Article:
Dual ecological disaster: the disappearance on the Aral Sea
Wednesday, December 05, 2001
Moscow News, By Sergei Sossinsky
We stood on a hill at the edge of a hundred-foot drop, the desert stretching away beyond the horizon. The Soviet encyclopedia I had consulted said: Muinak, fishing settlement and pier of the Karakalpak autonomous region at the mouth of the Amu Darya; 1,600 residents, mostly Russians. Steamship line across the Aral Sea.... Well, the Aral Sea was gone. I had seen the environmental consequences of dams on the Volga, flooded forests and church belfries standing in the water. But I had never imagined I would be looking at a dried up sea bed and walking on it.
Technically speaking the Aral Sea is a lake. But its huge size - the steamship line from Aralsk to Muinak was nearly 300 miles long - justified the word "sea." It was the fourth largest lake in the world and many times larger than the Dead Sea in Palestine. What happened to the Aral Sea? Most locals mention 1960 as the year when it became apparent that the sea was shrinking. There were two rivers flowing into the sea (note the past tense), the Amu Darya and the Syr Darya. Both passed through the major agricultural lands of Central Asia. By extending the area of these lands without taking due account of the consequences, people had reduced the flow of water in these rivers. Indeed, the Amu Darya no longer reached the sea. Instead of growing larger and larger as it sped to the sea, the Amu Darya became smaller and smaller until it petered out in the desert sands.
There were now two lakes in the Aral Sea, and they were shrinking. And it was very difficult to get to these lakes since they were surrounded by wetlands. People who had lived all their lives on the sea shore might never catch a glimpse of the sea again.
In addition to losing its fishing industry, Muinak had lost its sources of water. The most common sight in the streets of the settlement were groups of children pushing and pulling carts with water containers. American relief organizations had bought pipes and hand pumps and installed them so the local population had a reliable source of water.
Muinak's neighborhood is an eerie sight: a graveyard of ships, tugboats, barges, cargo ships. All these vessels lie on the dry sea bed in various states of disintegration. The names of some of the boats are still legible. Many other ships have already been scrapped.
The Russians came to Muinak in the second half of the 19th century. Most of them were Ural Cossacks who were exiled to these parts for their freedom-loving spirit. The Russians and Karakalpaks have lived side by side in the area for more than a century. Fishing was the town's chief livelihood. Today, most Russians have left; only the elderly who have nowhere to go remain.
The Muinak Fish Cannery stands idle. The port facilities have been abandoned. Hopelessness is the word that comes to mind when one walks through the streets of Muinak. Owing to the shortage of water locals have virtually stopped growing fruit and vegetables.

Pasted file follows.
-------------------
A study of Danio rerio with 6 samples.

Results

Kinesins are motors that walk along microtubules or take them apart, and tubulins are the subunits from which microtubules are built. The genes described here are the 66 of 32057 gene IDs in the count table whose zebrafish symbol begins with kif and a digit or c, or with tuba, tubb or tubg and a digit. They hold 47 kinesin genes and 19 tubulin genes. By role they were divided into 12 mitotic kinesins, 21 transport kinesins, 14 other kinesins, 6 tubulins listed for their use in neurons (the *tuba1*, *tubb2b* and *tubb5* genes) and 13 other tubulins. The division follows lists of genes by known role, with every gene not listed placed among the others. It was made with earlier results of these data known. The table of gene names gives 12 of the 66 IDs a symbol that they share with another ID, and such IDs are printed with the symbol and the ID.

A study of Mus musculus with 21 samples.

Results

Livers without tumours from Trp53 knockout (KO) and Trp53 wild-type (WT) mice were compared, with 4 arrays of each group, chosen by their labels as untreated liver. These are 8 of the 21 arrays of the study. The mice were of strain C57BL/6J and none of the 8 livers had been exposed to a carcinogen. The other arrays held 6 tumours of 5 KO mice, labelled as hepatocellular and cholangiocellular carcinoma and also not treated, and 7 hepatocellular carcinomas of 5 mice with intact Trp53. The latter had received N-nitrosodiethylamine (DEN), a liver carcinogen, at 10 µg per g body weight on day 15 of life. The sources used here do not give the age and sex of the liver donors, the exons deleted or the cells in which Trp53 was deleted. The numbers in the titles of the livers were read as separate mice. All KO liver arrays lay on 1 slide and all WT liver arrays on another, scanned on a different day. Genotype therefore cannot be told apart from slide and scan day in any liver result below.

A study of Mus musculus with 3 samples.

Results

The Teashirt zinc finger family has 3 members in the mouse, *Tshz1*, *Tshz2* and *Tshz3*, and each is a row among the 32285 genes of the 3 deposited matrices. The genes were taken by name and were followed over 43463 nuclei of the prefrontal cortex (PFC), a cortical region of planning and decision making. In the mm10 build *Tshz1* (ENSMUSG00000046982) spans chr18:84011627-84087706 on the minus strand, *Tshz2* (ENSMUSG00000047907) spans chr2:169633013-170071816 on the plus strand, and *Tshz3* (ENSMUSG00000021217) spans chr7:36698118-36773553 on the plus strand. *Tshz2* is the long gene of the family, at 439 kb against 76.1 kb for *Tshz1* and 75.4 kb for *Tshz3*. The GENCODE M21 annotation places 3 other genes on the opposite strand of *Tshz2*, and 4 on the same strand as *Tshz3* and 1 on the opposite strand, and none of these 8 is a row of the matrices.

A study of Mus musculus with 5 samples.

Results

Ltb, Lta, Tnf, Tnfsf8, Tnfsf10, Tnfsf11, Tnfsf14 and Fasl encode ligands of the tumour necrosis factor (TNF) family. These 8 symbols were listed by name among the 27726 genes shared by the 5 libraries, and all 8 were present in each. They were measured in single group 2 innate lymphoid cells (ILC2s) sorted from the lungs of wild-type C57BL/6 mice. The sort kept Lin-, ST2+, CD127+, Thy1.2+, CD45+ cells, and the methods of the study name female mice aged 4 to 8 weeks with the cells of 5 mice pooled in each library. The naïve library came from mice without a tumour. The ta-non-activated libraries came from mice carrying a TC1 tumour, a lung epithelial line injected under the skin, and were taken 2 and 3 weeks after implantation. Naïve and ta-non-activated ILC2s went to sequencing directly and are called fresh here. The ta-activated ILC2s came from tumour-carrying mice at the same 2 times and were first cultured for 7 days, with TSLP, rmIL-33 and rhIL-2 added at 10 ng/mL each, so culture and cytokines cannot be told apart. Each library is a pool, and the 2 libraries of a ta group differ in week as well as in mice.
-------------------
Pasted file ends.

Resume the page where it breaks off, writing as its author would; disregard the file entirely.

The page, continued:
As if all of this were not enough, there is something even worse looming literally just over the horizon. It is a place known as Vozrozhdeniya (Revival) Island, which was the site of one of the Soviet Union's most secret bases. None of the locals could tell me when the island had received its name, which was so incongruous, considering the purpose of the base - development of bacteriological weapons. Previously the island was known as Nicholas Island. Today this bit of land is a peninsula.
Vozrozhdeniya Island has been abandoned, and, although there were reports in the mass media that America has taken upon itself the function of guarding the former base, it is in fact forsaken. The germs that have been produced at the site include anthrax, plague and twenty other deadly diseases. Moreover, there are sites where contaminated livestock were buried, and it is a well known fact that these sites remain dangerous for ages. Yet two years ago there was still a radio operator living at the weather station, and scientists visited the island without taking any serious precautionary measures.
The former island included housing for the people employed at the base, a kindergarten, the weather station, an airstrip, and laboratory facilities. The base has been quite thoroughly vandalized.
Thus, Muinak remains wedged between two environmental disasters: the disappearance of the sea and the existence of buried bacteriological weapons. Yet these two factors may come together in various frightening ways. Thus, biologists know that the deserts surrounding the Aral Sea contain rodent carriers of bubonic plague. Once the sea is gone, these dangerous territories will merge into a single high-risk area which could serve as the breeding ground for a major epidemic.
The part of Muinak that once jutted out into the sea is called Tiger's Tail, and at one time these parts were indeed inhabited by tigers. Not only tigers but many other animal species, to say nothing of fish, have disappeared from the area. It looks as if before long the human species will also become extinct here.